COVID-19 accelerated the digitalization of healthcare and the adoption of telehealth globally. Amidst global lockdown and quarantine measures imposed due to COVID-19, access to telehealth is increasingly crucial.
Eurogroup Consulting and its international network, Nextcontinent, have analysed the impact of Covid-19 on the development of telehealth. This white paper takes stock of the level of maturity of the various countries in terms of telehealth. The analysis of these cases allows to formulate recommendations for the success of telemedicine deployment projects.
KEY COMPONENTS OF A COMPREHENSIVE TELEHEALTH SERVICE
The World Health Organization (WHO) defines telehealth as the delivery of healthcare services, where patients and providers are separated by distance. Telehealth uses ICT for the exchange of information for the diagnosis and treatment of diseases and injuries, research, and evaluation, and for the continuing education of health professionals. Telehealth can contribute to achieving universal health coverage by improving access for patients to quality, cost-effective health services wherever they may be. It is particularly valuable for those in remote areas, vulnerable groups and aging populations.
Nextcontinent believes the following approaches are key components of a comprehensive telehealth service:
Live, synchronous, interactive encounters between a patient and a healthcare provider via video, telephone, or live chat.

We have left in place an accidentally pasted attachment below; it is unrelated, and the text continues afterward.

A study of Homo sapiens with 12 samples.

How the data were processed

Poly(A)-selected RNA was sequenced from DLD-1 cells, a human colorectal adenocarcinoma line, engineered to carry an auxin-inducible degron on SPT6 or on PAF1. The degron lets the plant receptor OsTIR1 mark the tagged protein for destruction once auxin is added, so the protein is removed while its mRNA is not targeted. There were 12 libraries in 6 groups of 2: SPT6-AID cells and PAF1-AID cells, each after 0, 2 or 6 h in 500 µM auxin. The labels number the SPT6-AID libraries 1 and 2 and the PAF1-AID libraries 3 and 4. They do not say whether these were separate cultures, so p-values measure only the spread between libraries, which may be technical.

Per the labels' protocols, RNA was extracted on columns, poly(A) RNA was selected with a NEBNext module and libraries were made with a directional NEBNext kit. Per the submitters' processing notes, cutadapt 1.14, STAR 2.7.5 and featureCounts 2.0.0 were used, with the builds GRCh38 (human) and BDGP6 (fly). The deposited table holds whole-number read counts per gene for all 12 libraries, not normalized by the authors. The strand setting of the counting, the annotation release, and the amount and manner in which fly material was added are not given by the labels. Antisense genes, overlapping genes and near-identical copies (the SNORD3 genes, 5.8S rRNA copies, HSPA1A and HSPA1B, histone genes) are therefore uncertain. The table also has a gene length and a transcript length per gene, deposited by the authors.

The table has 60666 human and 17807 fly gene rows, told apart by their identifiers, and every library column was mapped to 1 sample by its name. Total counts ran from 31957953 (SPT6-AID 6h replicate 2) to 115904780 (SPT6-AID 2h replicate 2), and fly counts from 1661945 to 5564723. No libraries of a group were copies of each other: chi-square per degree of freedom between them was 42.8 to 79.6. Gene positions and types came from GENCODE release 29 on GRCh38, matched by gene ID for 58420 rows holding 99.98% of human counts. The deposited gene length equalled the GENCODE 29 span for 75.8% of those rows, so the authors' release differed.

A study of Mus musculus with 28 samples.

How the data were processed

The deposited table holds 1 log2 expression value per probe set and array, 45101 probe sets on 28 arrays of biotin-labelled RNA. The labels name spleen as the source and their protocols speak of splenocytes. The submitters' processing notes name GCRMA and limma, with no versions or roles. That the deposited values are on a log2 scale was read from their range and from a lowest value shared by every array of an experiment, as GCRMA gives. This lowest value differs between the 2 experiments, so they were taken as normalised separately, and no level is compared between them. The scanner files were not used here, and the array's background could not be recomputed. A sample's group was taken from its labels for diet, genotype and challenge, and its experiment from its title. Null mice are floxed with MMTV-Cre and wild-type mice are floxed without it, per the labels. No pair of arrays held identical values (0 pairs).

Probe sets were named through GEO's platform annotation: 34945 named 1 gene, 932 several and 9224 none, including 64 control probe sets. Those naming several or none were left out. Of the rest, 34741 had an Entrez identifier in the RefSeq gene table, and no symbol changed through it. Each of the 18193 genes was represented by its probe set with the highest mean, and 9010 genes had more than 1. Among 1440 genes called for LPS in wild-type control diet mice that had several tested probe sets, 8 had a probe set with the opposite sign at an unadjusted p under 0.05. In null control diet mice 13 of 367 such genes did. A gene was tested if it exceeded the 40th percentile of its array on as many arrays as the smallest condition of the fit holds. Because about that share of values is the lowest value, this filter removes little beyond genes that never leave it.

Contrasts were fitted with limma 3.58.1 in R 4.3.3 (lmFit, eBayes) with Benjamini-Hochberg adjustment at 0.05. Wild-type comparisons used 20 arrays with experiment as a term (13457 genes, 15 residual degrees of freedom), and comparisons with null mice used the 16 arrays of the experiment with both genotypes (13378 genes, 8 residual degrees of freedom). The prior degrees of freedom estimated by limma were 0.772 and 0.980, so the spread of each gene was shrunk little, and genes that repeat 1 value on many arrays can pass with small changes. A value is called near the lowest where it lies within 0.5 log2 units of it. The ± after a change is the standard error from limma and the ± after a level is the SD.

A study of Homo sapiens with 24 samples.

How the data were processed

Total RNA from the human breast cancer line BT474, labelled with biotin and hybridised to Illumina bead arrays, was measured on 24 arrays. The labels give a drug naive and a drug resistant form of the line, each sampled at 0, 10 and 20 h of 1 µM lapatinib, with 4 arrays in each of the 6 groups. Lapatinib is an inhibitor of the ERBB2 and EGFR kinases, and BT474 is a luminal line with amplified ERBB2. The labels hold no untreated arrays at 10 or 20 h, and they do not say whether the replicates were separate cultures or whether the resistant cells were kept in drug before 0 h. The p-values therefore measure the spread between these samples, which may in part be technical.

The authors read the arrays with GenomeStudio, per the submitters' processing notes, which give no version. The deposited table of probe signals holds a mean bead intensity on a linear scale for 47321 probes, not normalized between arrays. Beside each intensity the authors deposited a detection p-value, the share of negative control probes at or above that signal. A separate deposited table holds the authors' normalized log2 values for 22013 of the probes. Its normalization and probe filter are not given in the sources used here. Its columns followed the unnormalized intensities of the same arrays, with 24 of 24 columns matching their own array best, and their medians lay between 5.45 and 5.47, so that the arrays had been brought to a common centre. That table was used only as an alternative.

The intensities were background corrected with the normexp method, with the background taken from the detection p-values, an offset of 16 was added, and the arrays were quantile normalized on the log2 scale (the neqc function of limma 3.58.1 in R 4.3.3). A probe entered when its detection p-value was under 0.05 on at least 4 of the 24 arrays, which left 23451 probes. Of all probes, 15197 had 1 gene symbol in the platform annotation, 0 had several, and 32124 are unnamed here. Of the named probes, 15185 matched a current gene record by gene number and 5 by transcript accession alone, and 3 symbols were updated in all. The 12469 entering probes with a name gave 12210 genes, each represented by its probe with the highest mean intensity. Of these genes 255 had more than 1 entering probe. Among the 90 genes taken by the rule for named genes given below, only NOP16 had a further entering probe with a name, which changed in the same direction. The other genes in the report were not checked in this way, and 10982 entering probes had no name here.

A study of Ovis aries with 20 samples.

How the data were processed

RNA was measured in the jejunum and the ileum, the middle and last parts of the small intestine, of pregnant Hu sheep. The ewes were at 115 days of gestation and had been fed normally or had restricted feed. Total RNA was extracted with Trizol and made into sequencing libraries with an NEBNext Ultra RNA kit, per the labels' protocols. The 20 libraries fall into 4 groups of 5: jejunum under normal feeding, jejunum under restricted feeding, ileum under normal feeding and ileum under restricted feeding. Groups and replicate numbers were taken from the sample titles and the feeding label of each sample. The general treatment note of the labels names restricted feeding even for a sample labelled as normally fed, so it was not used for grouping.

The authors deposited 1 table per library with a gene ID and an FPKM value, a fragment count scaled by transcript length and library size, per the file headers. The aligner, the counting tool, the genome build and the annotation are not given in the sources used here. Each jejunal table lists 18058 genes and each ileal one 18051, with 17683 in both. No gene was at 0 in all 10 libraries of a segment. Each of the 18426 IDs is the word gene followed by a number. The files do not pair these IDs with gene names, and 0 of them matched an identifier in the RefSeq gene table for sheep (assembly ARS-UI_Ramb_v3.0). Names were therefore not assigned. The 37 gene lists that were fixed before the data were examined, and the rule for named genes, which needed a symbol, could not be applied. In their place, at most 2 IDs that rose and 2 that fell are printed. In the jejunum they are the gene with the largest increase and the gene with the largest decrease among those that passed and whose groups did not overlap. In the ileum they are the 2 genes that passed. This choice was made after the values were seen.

Prescription of a treatment remotely by the physician, via the use of ICT following telehealth diagnosis without clinical examination to the patient or upon telehealth prescription of treatment based on diagnosis conducted through the traditional clinical way.
Identification of the illness and the patient’s health condition by the healthcare provider via the use of ICT including wireless devices, wearable sensors, and mobile apps. Asynchronous diagnosis by a specialist using store and forward ICT is included.
Any telehealth intervention via the use of ICT.
Also known as remote patient monitoring.
Collection, transmission, evaluation and communication of individual health data and vital signs, from a patient to the healthcare provider or extended care team from outside a hospital or clinical office (i.e., the patient’s home) via the use of ICT including wireless devices, wearable sensors, implanted health monitors, and mobile apps.
Healthcare players need to move now to support such a shift and pivot to longer term strategies to improve their future position.
A COMPLEX PROCESS THAT REQUIRES ALL STAKEHOLDERS TO PLAY A ROLE
Despite the growth opportunity presented by COVID-19, the implementation of telehealth within a healthcare system as a whole remains a complex process that requires all stakeholders to play a role. In addition, the lack of incentives to promote widespread adoption including funding, regulatory and cultural issues, represents a critical challenge. Finally, the increased use of telehealth is exposing the lack of integration, a gap that must be covered to improve the future of care.